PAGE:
Lighting up low-income households
Thrive Solar is an Indian social enterprise serving low-income households and communities by providing safe, reliable and affordable electric lighting – an essential tool of development. Beginning as a non-governmental organization (NGO), Thrive Solar is now a growing company with a community empowerment business model. It received its first funding from Oikocredit’s Indian subsidiary Maanaveeya in December 2014.
Women's cooperative Cocovico
The women of Cocovico started out selling their wares on the pavements of Côte d’Ivoire's largest city, Abidjan in the 1980s. They nestled their stalls between abandoned buildings and empty spaces, making their living in unsecure, open areas. They were regularly threatened with expulsion by local authorities and it was clear they needed a more permanent space to operate.
In an effort to become more organized, six street vendors pooled their resources and started an all-woman cooperative of vegetable sellers: Cocovico.
In Brazil’s Rio de Janeiro, fashion is the third largest industry, valued at over US$ 60 billion per year. Each day tourists and affluent Brazilians flock to its famous stores that cater to an international and fashion-forward client-base. However, behind Rio’s glitz and glamour is another side to the fashion industry, which is slowly growing in prominence
across the city.
Putting sustainability into practice
Protection of the environment is a key objective for Oikocredit. As part of its drive to achieve this, Oikocredit adheres to an environmental policy. This policy aims to contribute positively to a balanced ecosystem and increase environmental protection through the projects of the partners Oikocredit finances.
Barefoot Power goes off the grid
Throughout the world, people light their homes with kerosene lanterns which are dangerous and expensive sources of light. While the smoke affects indoor air quality, the open flame also has the dangerous potential to start fires.
Thanks to a small Australian company, Barefoot Power, more than 40,000 households across Africa and Asia now have safe, affordable lighting in their homes. Within a few years, Barefoot Power successfully brought its solar powered lamps to around two million people in more than 40 developing countries.
After the Soviet Union disbanded, Ukraine's economic output dropped dramatically plunging a majority of the population into poverty. Having been the essential agricultural and industrial centre of the Soviet Union, its large collective farms and heavy industry were no longer competitive. So people who lost their jobs became microentrepreneurs in order to survive.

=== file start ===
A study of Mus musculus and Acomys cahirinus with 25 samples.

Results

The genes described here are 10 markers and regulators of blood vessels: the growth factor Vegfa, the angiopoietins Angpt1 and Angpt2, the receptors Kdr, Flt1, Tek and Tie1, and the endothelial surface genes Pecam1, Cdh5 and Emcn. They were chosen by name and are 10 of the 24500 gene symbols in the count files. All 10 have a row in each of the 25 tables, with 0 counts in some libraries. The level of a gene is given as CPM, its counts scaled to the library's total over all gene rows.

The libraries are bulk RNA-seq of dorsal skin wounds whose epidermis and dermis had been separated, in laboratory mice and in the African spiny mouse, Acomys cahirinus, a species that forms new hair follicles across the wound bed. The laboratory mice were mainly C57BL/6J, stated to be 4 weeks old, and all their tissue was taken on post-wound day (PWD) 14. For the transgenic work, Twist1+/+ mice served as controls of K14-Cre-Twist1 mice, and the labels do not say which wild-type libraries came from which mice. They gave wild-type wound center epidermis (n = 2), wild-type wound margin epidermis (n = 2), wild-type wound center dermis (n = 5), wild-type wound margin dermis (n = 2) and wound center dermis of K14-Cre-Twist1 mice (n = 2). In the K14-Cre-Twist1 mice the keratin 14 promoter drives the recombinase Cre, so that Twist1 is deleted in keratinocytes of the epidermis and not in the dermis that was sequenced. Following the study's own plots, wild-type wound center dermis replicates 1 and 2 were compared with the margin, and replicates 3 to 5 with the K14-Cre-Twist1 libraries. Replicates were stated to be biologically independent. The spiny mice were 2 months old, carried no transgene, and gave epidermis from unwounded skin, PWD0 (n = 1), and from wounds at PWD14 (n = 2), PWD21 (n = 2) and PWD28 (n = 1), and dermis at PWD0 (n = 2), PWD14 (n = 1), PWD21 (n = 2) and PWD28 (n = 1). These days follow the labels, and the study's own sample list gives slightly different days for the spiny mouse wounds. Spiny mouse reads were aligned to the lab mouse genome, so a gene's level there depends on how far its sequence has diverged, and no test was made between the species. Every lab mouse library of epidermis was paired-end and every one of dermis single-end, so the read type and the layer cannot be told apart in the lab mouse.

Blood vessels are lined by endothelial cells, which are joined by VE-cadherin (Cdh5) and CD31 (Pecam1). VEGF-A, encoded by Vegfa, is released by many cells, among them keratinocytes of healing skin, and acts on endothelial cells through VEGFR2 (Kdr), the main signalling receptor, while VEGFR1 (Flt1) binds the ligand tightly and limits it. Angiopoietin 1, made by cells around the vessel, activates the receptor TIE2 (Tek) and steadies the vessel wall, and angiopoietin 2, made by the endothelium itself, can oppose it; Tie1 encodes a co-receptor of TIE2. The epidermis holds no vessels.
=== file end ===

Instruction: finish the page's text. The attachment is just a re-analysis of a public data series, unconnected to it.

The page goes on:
During the 90s recession the country experienced severe hyperinflation, but things improved from 2000. Tough times struck again in 2008 when unemployment soared from 3% to 9.4% in just nine months. Today, 35% of the Ukraine population still lives below the poverty line.
Oikocredit welcomed Cooperativa Manduvirá as a partner in late 2011, when they received a loan to support their dream: to set up an environmentally-friendly plant to produce organic sugar.
Oikocredit believes microfinance is a valuable tool to empower people to create a better future, so long as clients' needs and wellbeing are the focus of its services. Microfinance investors play a special role in ensuring the protection and promotion of client benefit and welfare, and Oikocredit takes this responsibility seriously. To ensure that the MFIs in which we invest maintain client welfare as a priority, we promote the Smart Campaign’s Client Protection Principles (CPPs).
Oikocredit endorsed the CPPs in September 2008 and has since collaborated with other investors to put the principles into practice and help MFIs ensure their operations become fully compliant.
Asociación Chajulense Va’l Vaq Quyol (Chajul) is a Guatemalan association of coffee producers which has marketed Fair Trade organic coffee since 1989. It is one of Oikocredit's 290 cooperative partners.
Civil war raged in Guatemala from 1960 until 1996. In the Ixil Triangle, where Chajul operates, thousands of civilians were killed, tortured or disappeared. The victims were predominantly Mayan descendants. Chajul's coffee and honey farmers - made up largely of Mayan descendants - follow a traditional Mayan maxim: "work the soil without violence".
'Life and Finance' is a radio programme in Cambodia co-produced by the Cambodian Microfinance Institute and Oikocredit. The programme aims to educate Cambodia's rural population on financial issues whilst also encouraging sustainable business.
By educating the population about financial principals, more informed financial decisions can be made by the population, helping borrowers understand the risks of taking on too much debt. Preventing over-indebtedness for borrowers of microfinance loans is one of Oikocredit’s seven Client Protection Principles.